Before advertising with publishers, ask them about their audiences' behavior. Ask about context and content, rather than pure numbers, say the speakers from "Timing: The Missing Ingredient in Mobile Advertising."
Knowing who the audiences are and what they want matters more than the sheer number of eyeballs seeing your ad. "Audience and who and scale infinitely matter," says Chris Cunningham, co-founder and CEO of New York-based appssavvy. He and Adam Shlachter—head of media activation, North America, at Amsterdam-based DigitasLBi—spoke on June 4 at Integrated Marketing Week in New York.
Knowing the audience allows marketers to reach their targets, because they know the best times and ways to show ads on mobile devices, Cunningham says. That's a more efficient, less expensive and more profitable way to reach mobile users, he says. In other words, more people will be interacting with fewer ads.
The way mobile marketers operate now is to buy a lot of inventory without gaining insight on the audiences and their behaviors, then optimizing that glut of inventory, he says. Without gaining insight ahead of time, that may be a hollow metric, Cunningham says.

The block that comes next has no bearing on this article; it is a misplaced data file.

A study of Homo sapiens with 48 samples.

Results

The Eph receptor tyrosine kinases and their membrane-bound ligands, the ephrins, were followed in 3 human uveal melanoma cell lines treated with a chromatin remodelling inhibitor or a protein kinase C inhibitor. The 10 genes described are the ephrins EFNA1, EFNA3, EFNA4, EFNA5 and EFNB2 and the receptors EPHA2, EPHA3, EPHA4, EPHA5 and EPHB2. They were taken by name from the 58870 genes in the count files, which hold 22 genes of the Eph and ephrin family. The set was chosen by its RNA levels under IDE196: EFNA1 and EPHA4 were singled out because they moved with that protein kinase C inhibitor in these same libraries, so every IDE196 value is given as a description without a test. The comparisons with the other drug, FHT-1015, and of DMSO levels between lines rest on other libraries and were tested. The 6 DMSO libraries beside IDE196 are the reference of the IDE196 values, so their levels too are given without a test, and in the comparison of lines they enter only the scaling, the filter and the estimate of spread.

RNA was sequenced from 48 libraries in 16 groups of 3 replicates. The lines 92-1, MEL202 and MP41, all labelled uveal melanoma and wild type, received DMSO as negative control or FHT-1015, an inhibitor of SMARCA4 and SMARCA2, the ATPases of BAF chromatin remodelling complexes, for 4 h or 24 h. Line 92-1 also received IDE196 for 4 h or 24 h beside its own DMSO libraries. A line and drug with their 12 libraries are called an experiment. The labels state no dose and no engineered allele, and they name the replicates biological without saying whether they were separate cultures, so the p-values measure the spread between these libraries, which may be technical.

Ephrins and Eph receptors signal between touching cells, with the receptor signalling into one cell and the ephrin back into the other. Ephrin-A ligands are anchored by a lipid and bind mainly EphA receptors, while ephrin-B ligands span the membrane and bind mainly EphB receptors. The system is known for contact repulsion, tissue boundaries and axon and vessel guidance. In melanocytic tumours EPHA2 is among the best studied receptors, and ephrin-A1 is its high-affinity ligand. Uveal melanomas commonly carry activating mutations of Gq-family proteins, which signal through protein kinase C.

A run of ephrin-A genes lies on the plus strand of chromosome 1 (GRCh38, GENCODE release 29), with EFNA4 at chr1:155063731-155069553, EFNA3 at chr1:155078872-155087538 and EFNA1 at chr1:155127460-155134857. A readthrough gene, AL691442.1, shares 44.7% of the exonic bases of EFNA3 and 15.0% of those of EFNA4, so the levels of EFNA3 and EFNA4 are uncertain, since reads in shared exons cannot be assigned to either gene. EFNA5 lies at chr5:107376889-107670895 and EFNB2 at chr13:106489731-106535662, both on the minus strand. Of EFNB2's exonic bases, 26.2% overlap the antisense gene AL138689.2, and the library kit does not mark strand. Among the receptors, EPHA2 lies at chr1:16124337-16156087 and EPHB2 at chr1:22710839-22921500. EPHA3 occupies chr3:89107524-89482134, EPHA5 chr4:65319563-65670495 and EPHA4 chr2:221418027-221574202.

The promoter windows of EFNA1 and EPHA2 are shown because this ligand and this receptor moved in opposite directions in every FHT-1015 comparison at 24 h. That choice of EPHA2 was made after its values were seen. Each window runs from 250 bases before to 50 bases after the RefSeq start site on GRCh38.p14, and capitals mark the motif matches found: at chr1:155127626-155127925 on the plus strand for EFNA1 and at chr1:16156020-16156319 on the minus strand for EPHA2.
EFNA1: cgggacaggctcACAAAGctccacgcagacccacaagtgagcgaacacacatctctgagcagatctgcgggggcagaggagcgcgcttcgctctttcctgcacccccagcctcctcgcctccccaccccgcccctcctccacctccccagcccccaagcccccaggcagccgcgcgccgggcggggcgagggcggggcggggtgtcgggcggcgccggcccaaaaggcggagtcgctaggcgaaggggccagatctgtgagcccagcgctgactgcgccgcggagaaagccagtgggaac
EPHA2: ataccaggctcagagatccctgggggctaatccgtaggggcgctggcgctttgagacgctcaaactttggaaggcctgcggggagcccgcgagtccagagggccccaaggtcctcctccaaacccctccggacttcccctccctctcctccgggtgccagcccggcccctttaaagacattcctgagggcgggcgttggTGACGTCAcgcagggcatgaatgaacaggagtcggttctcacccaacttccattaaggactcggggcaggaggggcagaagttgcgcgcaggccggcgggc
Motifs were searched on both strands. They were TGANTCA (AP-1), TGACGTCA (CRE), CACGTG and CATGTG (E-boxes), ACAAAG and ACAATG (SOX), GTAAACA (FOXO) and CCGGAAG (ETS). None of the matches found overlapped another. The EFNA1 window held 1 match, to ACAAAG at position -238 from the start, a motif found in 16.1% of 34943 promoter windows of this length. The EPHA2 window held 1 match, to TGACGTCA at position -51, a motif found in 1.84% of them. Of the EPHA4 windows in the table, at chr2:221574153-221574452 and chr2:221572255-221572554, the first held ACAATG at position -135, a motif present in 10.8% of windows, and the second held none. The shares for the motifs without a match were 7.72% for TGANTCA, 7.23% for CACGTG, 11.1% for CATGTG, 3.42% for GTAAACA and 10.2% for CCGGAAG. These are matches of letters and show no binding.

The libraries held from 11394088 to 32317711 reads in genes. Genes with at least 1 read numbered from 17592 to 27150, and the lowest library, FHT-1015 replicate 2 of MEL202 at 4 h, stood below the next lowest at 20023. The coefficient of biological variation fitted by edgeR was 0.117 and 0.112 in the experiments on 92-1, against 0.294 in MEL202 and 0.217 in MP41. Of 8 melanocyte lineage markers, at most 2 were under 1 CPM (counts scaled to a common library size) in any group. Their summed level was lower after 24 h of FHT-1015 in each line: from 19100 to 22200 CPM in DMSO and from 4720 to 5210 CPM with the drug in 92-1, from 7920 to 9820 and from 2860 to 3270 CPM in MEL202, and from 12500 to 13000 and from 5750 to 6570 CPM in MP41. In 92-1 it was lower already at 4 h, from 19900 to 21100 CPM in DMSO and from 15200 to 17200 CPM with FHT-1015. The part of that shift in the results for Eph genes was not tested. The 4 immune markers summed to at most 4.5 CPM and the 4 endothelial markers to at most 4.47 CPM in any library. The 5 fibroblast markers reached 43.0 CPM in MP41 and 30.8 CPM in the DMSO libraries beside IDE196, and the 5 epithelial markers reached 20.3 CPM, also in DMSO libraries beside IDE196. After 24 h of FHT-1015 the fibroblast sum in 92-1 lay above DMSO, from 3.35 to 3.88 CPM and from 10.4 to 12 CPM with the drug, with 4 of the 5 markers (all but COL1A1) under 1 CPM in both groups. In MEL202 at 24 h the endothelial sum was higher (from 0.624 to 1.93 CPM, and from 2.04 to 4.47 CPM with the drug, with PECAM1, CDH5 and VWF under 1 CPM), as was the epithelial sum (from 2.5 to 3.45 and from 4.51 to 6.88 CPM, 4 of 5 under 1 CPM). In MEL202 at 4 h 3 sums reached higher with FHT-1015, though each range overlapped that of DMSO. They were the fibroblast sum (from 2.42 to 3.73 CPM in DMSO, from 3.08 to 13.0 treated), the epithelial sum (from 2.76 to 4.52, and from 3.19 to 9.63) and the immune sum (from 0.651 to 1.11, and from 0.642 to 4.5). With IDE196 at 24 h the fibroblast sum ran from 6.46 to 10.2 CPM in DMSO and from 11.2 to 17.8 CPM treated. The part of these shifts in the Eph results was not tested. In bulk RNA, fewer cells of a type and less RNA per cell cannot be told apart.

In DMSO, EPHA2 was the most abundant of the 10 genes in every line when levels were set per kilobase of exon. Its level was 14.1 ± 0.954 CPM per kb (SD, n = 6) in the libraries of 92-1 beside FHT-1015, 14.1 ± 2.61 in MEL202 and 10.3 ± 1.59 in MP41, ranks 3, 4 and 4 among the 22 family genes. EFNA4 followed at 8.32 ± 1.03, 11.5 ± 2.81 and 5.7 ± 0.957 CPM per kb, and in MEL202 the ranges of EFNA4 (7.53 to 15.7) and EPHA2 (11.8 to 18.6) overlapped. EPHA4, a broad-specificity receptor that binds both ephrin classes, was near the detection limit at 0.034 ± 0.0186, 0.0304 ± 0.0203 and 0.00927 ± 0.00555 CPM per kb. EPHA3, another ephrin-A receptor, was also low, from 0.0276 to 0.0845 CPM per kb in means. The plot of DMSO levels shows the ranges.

Mobile marketing also can't be approached in a one-size-fits-all manner—for the marketer or for the audience, Cunningham and Shlachter agree.
For instance, "premium" inventory may be in gaming apps like Fruit Ninja, which is more popular among mobile users than Rolling Stone, Cunningham says. At the same time, the best ad placement may happen when players reach certain levels. Congratulate them in the ad, rather than interrupting their games to show the ad. It's just as important in mobile for marketers to know what they shouldn't do, Shlachter says.
Find a natural break in the user experience and, for instance, place an ad as a light transition in a video, to remind the users who brought them the experience, Cunningham says.
Also, don't make assumptions. Yes, calendar apps are utilitarian, but users may be scheduling their lives there. If marketers are trying to reach concertgoers, for instance, placing an ad about the Pharrell Williams concert at the Apollo may appeal.
"Keep an open mind," Shlachter says. "Experiment."